The effort carries the tag "Helps older cars feels young again," and Castrol is expected to spend up to 15% of its 2002 media budget on the push. The media flight will run six weeks over several intervals into early June, said Bruce Firkins, vice president of consumer marketing at Castrol.
Roughly 60% of the national TV buy via Ogilvy sibling MindShare is on cable, where it will get heavy play on sports programming tied to Castrol's partnerships with the National Hot Rod Association and World Wrestling Federation. The target is 18- to 49-year-olds -- whether they change their own oil or pay to have it done.
Last year, the marketer spent $44 million in measured media, according to Taylor Nelson Sofres' CMR, although that includes $5 million for Super Clean AccuVision car windshield rain repellent. AccuVision will also get ad support later this year, Mr. Firkins said.
Montage of car ad cliches
Bruce Lee, the creative director
The 30-second ad offers a montage of car-ad cliches with a twist. The "beautiful" car seen gleaming off in the distant desert is, up close, actually a dirty old model with "wash me" written in the dust. The car swerving through traffic cones has an old armchair on its roof. The narrator talks about these "real cars that have been around the block a few thousand times" and how the new Castrol will keep deposits out of older engines.
The print ad resembles a classified used-car ad. But the kicker in the copy under the photo of a 1987 model car with 76,000 miles on it says, "Sorry, it's not for sale." The campaign includes outdoor in key markets and banner ads on the Internet.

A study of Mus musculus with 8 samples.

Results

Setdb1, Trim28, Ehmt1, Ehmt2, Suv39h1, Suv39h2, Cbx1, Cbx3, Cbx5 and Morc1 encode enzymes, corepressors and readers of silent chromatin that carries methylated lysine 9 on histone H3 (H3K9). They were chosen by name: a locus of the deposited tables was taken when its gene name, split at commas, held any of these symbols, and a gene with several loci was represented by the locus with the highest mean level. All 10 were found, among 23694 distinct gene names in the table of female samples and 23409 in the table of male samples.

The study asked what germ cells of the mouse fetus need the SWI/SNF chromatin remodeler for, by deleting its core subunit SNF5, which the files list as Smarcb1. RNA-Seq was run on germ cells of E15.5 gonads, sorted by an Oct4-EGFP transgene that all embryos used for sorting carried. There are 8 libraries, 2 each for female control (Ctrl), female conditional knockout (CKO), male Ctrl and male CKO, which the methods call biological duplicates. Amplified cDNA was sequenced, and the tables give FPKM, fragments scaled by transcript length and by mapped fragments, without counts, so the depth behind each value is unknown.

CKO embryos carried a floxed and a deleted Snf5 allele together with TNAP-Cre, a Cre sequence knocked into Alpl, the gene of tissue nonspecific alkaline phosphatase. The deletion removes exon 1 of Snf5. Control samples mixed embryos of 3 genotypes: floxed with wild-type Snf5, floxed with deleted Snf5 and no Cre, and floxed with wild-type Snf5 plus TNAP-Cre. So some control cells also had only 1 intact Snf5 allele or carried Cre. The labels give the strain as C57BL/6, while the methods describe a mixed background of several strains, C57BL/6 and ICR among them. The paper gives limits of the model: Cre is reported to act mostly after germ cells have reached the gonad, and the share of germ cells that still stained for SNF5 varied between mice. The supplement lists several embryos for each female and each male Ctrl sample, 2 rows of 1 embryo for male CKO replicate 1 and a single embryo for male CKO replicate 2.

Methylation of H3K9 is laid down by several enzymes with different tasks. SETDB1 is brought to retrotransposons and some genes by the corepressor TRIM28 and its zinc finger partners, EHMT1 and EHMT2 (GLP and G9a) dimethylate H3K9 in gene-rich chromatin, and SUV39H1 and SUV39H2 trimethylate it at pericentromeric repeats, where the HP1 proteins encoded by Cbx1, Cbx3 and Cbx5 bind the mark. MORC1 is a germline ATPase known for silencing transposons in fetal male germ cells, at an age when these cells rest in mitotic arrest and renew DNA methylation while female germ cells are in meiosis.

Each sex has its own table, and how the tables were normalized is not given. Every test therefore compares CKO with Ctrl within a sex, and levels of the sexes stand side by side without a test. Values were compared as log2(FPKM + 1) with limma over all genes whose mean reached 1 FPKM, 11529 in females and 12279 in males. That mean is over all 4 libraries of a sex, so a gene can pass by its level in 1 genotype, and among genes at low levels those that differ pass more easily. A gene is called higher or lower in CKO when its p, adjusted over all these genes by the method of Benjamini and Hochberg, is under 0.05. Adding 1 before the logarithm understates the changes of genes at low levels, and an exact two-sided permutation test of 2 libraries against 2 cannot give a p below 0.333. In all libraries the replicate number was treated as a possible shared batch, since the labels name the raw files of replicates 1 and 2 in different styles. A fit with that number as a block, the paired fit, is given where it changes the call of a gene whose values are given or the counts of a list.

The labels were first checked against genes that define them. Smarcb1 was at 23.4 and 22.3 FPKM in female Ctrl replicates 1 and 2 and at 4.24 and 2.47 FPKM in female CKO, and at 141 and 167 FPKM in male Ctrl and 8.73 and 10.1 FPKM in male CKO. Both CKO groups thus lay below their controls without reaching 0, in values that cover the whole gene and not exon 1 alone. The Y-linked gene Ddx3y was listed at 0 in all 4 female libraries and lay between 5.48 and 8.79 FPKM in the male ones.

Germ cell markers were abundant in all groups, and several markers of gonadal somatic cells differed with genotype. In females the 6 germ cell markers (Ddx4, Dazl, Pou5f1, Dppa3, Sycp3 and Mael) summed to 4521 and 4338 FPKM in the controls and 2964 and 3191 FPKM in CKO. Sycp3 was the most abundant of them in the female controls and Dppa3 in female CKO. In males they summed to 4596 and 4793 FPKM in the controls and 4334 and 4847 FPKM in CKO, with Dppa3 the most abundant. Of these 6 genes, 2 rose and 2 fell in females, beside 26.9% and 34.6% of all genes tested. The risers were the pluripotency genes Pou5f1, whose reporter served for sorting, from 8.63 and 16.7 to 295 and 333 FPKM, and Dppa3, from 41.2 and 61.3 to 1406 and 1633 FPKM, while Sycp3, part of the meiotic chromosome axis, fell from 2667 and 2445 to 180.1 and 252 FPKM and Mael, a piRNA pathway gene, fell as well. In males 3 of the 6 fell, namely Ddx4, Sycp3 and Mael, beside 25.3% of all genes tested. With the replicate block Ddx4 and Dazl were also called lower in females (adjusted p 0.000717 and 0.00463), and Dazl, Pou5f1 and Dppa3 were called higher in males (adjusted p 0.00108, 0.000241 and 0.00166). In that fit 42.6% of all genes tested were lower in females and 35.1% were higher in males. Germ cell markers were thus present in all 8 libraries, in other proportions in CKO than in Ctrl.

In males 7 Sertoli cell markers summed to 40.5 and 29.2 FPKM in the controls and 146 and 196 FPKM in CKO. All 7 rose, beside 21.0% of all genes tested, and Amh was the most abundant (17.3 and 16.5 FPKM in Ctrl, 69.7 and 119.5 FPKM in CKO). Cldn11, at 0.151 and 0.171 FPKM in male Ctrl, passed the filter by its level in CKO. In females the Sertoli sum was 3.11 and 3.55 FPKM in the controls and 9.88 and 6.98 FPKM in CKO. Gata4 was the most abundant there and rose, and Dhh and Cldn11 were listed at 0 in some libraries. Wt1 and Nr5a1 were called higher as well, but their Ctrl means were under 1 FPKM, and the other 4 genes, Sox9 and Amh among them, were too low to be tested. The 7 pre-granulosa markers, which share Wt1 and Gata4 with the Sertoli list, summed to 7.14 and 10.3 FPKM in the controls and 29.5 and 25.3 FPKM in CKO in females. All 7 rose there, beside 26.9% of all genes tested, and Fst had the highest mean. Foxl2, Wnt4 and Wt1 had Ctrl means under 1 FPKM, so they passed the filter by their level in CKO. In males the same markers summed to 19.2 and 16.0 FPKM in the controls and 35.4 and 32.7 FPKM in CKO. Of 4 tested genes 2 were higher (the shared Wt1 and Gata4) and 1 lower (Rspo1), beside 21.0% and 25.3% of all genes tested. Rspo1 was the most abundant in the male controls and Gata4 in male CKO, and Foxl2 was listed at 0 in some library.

Taking on Pennzoil, Valvoline
Castrol's new product will compete against Pennzoil-Quaker State Co.'s newly launched, high-mileage motor oil for both its Pennzoil and Quaker brands.
Valvoline Co. was the first to introduce motor oil for older engines with Max Life in late 1999 and now leads the segment, according to market researcher NPD Group. In overall motor oil, Castrol ranked fourth last year, according to NPD, behind Pennzoil, Quaker State and Valvoline.
OgilvyOne succeeded Hampel/Stefanides, New York, which won the account in 1997.
Mr. Firkins said Castrol, acquired by BP in mid-2000, is more of a global brand than its key U.S. competitors. Last year, Castrol looked at the advantages of having a global agency and moved the account to OgilvyOne, which said it can offer production and media efficiencies.
"We can share footage and creative executions in print and other media and take it across the world," he said. The campaign breaks in Canada in late April.